The Department of Homeland Security is investigating whether sensitive information such as DHS floor plans and security controls were compromised in a ransomware attack on government contractor Johnson Controls.
Johnson Controls is a major manufacturer of alarm and building automation systems which “holds classified/sensitive contracts for DHS that depict the physical security of many DHS facilities,” CNN reports.
“Until further notice, we should assume that [the contractor] stores DHS floor plans and security information tied to contracts on their servers... We do not currently know the full extent of the impact on DHS systems or facilities."
Takeaway: Third-party risk considerations are nothing new to most larger organizations - with high profile breaches like the one that hist Target via their HVAC contractor having made headlines many years ago - but third-party risk is not discussed much in the context of ransomware.
The threat here in regard to ransomware basically comes down to two concerns: downstream attacks and the exfiltration of sensitive data.
In 2021, an attack on IT services provider Kaseya allowed threat actors to leverage the Kaseya VSA (Virtual System Administrator) to distribute ransomware to Kaseya customers.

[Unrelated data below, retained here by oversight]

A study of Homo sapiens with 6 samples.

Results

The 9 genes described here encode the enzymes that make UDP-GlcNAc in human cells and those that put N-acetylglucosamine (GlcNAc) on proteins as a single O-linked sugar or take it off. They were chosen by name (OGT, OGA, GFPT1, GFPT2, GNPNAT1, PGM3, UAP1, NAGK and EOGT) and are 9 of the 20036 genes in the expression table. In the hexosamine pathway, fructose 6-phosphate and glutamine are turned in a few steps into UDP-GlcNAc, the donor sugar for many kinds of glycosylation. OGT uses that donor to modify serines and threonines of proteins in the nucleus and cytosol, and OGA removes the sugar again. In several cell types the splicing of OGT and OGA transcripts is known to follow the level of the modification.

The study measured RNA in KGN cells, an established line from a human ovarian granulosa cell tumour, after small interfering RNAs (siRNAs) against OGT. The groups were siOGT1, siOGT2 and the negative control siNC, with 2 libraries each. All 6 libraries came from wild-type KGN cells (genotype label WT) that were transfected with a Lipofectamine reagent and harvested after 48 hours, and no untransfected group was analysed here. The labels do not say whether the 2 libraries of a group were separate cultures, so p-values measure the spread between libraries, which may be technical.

This meant that even if the impacted customers had a robust security program in place, they likely would still have been infected because the ransomware came by way of a “legitimate” update signed with valid digital certificates.
The takeaway from the Kaseya attack for organizations is to assure they are employing the Principle of Least Privilege by limiting third-party service provider access to the absolute minimum, as well as doing the due diligence on the security stature of third-party service providers.
The second concern, potential exfiltration of your organization’s sensitive data from a contracted entity, is exactly what DHS is dealing with now.
Given this is a government agency that deals with classified and sensitive information, it would be safe to assume DHS has protocols in place already to assess the security stature of their contracted providers out of concern for potential state-sponsored espionage attacks, which should include anti data exfiltration controls.
But in this case, it appears to not have been a state-sponsored actor behind the attack, but a ransomware group or affiliate – threat actors who now regularly exfiltrate victim data prior to encryption to use a leverage to compel payment of a ransom demand by threatening to publicly leak or sell the data.
Detecting and blocking downstream attacks and conducting the proper due diligence against potential loss of sensitive data via compromised third-party service providers should be a high priority not just for government agencies but any organization concerned about the potential impact from data loss and disruptions to business operations from attacks by ransomware operators.
Halcyon.ai is the industry’s first dedicated, adaptive security platform that combines multiple advanced proprietary prevention engines along with AI models focused specifically on stopping ransomware – talk to a Halcyon expert today to find out more. Halcyon also publishes a quarterly RaaS and extortion group reference guide, Power Rankings: Ransomware Malicious Quartile (PDF).